When it comes to writing a resume, think like how parents would name a child for success. Your subject header, contents and email address (yes!) are testament to your personality, which determines your chance of either getting called up for an interview, or hired.
Treat your resume as a means to an end to gain professional employment. Here are some pointers in resume writing you, as a jobseeker, should take note of when crafting a professional CV.Four Pointers Jobseekers Should Take Note Of:
Funk and creativity are passé: Leave the funk and fluff out of your resume; it should be 100 percent professional even if you are an Art graduate looking for employment in the Creative sector, browsing design jobs or marketing jobs. A clean and strict looking resume that is down-to-earth reflects a jobseeker’s seriousness, albeit uninteresting.
It is good to note that managers with HR jobs take their company’s image into consideration; they would not hire a jobseeker with a loud character. It does not pay to stand out of the crowd; just be honest with who you are. Hint: do not even think of putting up a glamorous photograph of you on your resume for it creates bias.
Save the hippie email address for your own use: Email addresses with unique names that are viewed as “abnormal” by the corporate sector (ie. firstname.lastname@example.org) have no reason to be in a professional resume. Take a more conservative stand towards your job search by saving that hippie email address for your personal use. As a jobseeker, you would not want to be caught in an embarrassing situation where a prospective employer was to ask about the name of your email address.
Says Melissa Norman, Managing Director of Kelley Services: “Refrain from sending your job application from an email account that has a fancy name, or creates a negative perception of you.”
Don’t input in your idealistic beliefs: It is cool to be idealistic and live your dreams, however, when it comes to hiring the right fit, prospective employers are concerned about an employee’s personal goals. In fact, an employer scrutinises an employee’s personal goals to see if they are in line with the organisation’s goals.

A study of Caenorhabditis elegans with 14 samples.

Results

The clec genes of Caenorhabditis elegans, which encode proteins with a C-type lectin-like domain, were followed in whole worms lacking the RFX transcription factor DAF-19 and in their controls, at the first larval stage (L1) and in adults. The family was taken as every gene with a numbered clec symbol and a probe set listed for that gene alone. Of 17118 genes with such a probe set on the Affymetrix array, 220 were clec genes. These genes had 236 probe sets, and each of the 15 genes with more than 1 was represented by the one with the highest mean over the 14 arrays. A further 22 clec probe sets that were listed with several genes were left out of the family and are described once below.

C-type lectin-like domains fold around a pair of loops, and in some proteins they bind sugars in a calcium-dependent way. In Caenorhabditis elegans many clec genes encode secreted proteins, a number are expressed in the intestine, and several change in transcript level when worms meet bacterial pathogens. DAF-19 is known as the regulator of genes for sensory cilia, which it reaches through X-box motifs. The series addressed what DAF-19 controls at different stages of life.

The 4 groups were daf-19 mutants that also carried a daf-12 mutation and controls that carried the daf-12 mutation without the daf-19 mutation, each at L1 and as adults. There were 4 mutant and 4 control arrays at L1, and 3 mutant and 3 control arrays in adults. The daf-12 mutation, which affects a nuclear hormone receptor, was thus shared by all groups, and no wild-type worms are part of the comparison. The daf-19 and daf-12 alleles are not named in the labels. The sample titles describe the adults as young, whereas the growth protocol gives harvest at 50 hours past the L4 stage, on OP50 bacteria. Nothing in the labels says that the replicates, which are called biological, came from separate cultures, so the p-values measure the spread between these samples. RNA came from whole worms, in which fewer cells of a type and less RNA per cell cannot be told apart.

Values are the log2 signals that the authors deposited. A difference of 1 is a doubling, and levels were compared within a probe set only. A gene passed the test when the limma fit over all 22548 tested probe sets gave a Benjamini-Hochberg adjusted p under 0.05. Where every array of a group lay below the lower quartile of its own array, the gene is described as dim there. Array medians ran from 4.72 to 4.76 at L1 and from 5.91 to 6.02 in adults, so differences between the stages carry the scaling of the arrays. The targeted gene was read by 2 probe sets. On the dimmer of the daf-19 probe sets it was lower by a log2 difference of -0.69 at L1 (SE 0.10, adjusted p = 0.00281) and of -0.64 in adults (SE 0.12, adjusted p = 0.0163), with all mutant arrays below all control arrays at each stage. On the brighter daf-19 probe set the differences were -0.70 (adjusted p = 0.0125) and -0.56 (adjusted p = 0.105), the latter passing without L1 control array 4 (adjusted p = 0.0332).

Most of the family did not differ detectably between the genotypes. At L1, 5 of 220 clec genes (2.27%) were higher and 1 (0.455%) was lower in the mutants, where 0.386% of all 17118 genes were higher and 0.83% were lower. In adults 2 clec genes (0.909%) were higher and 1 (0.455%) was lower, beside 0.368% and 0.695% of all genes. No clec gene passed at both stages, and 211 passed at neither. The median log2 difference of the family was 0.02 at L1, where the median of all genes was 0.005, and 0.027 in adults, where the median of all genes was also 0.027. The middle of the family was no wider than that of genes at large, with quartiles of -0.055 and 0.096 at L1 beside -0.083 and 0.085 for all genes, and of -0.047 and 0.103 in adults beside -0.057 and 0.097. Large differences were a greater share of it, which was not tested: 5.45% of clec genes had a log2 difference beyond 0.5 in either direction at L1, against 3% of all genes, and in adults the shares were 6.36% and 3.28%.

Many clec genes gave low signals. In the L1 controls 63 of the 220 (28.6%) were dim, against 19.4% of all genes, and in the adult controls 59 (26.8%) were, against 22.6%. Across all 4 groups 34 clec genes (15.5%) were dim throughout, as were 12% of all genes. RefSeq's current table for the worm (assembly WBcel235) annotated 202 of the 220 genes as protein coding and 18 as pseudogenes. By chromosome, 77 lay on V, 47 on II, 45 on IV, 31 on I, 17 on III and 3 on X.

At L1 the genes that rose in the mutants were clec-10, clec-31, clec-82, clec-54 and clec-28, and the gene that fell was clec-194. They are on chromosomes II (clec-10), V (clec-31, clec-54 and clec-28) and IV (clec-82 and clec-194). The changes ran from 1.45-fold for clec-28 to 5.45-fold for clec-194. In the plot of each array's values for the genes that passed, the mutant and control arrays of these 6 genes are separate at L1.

To find out what an employer wants, take a look at their corporate website. Next, craft your resume to suit their aims, goals and objectives before sending it in. Otherwise you will risk not getting called up for an interview.
Moreover, by visiting the company’s corporate website, you as a jobseeker would know what sort of people the organisation is looking for. This in turn allows you to re-assess whether or not your personal goals suit theirs before submitting your resume to them. Do not waste your time trying to apply for an organisation that does not suit you; indirectly, you are wasting their time.
Keep your resume short and simple: As a rule of thumb, keep your resume short and simple, because human resource professionals do not have all the time in this world to read a 4000-word long resume. Go straight to the point to list your past experiences, references and testimonials instead of telling a Grandmother’s tale on what you covered at work and your personal thoughts on each project.
With the above tips, it is time to update your resume and impress your potential employers!